Why Do Project Teams Stick with Bad Plans?

Project plans can be unworkable for any number of reasons and our team of project management consultants have stepped in to rescue failing initiatives due to most of them. Some project plans are bad from the get-go, others become a nightmare mid-lifecycle. And though the process of getting at-risk projects back on track requires skill and dedication, it beats project failure any day.

Or does it?

project plans

Some project teams continue to charge ahead even as their plans are falling apart under their feet. It may be a baffling concept to understand, but some powerful factors can come into play and cause project professionals to continue forward with a plan they know (or, in some cases, should know) won’t end in success.

Overconfidence

Because project teams face adversity on a regular basis—supply chain problems, vendor conflicts, internal obstacles, nonexistent sponsor support, promised headcount that turns out to be vaporware, etc.—it’s no surprise they’re typically tenacious when it comes to dealing with challenges. However, if team members’ trust in their own abilities begins to diverge from the reality of a bad situation, that overconfidence can cloud the group’s judgement when it comes to recognizing the warning flags of a sinking project. This can be a particular problem for high-performing teams, since a strong history of success goes a long way toward making the group assume they’ll be able to pull a bad project plan from the jaws of failure.

Unsupported optimism

Misplaced optimism is frequently an issue for inexperienced project teams, where members may not have sufficient exposure to risk management techniques and other critical skills that would normally help them more accurately assess the workability of a project plan. Smaller organizations may also be misled by overly optimistic projections that things will work out alright in the end. These businesses value moxie and give great weight to bold decisions and gutsy strategies. The downside is that sheer determination isn’t always enough to bring a troubled project back to a healthy state.

Fear of being blamed

Worries about being held responsible for abandoning or halting a bad plan can occasionally be a bigger motivator than worries about outright project failure. Why? Some organizations have a reputation for keeping underperforming projects on life support and project teams know there’s a chance they can just continue on with a bad plan despite clear signs that success isn’t in the cards. If executives and sponsors are willing to put time and treasure into a failing project, why rock the boat?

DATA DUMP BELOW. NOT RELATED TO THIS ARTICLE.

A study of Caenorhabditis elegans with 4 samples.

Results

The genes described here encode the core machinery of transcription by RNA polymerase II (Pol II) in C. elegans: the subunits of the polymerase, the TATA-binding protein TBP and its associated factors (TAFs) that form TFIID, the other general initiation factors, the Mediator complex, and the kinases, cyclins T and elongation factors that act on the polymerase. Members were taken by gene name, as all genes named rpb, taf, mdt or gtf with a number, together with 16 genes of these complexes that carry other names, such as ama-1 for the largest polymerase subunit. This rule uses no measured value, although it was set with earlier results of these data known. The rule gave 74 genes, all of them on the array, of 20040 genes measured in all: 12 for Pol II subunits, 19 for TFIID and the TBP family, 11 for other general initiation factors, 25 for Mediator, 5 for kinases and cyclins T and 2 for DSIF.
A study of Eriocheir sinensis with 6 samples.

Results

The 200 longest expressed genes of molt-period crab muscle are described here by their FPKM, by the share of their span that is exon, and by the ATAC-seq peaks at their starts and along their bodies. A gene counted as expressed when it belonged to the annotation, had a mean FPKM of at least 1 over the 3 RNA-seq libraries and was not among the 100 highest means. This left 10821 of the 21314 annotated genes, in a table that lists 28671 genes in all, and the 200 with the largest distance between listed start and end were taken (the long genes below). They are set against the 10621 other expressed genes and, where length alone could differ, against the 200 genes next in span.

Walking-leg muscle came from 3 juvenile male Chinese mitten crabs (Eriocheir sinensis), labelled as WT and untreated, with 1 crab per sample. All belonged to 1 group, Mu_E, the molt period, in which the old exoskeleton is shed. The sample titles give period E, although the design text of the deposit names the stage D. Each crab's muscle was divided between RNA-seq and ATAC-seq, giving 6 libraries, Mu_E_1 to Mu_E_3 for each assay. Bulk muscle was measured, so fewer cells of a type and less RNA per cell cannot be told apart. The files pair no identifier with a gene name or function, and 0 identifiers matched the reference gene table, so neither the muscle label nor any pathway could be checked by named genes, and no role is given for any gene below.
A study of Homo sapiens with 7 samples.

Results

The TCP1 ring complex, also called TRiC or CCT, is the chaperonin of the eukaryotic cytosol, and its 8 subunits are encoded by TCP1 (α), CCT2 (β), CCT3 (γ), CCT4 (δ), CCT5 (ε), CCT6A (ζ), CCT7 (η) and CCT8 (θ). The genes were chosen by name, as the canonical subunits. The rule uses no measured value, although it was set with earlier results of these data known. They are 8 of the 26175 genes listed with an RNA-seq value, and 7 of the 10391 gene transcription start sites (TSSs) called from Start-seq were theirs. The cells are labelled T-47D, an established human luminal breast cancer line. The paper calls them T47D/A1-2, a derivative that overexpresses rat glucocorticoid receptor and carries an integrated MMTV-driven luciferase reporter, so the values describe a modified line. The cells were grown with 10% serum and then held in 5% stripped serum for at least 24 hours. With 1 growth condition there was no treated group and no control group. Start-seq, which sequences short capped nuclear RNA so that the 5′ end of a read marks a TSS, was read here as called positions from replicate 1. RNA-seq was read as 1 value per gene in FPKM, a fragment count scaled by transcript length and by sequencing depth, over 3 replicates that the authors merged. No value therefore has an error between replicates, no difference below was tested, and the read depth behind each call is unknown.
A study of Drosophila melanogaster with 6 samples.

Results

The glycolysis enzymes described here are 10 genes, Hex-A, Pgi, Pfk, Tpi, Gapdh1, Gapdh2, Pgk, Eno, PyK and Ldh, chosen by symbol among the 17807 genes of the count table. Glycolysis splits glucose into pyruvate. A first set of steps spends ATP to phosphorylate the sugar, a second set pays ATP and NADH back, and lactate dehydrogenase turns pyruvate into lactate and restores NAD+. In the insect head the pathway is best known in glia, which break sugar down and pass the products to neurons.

Ongoing commitment to sunk costs

The concept of sunk costs keeps far too many bad project plans moving forward. If the team and the business have already invested a lot of energy and resources, and especially if the project is near and dear to stakeholders’ hearts, it can be incredibly difficult to walk away from all of that. Unfortunately, this mindset only leads to additional financial and workforce investments in support of a project that will ultimately fail.

Insufficient project planning and control

At a basic level, it’s not uncommon for project teams to lack the insight and awareness to know their project plan is seriously off track. They may not recognize that delays are snowballing or that quality is beginning to suffer. Resource conflicts can go unnoticed until it’s far too late to resolve them cost effectively. The team sticks with its shaky project plan only because they aren’t aware they’re headed for failure. If stakeholders are also unfamiliar with good project management techniques, it’s likely that no one is asking those key questions that would help uncover the plan’s critical gaps.

 

PMAlliance uses a team of highly experienced and certified professionals to provide project management consultingproject management training and project office development services.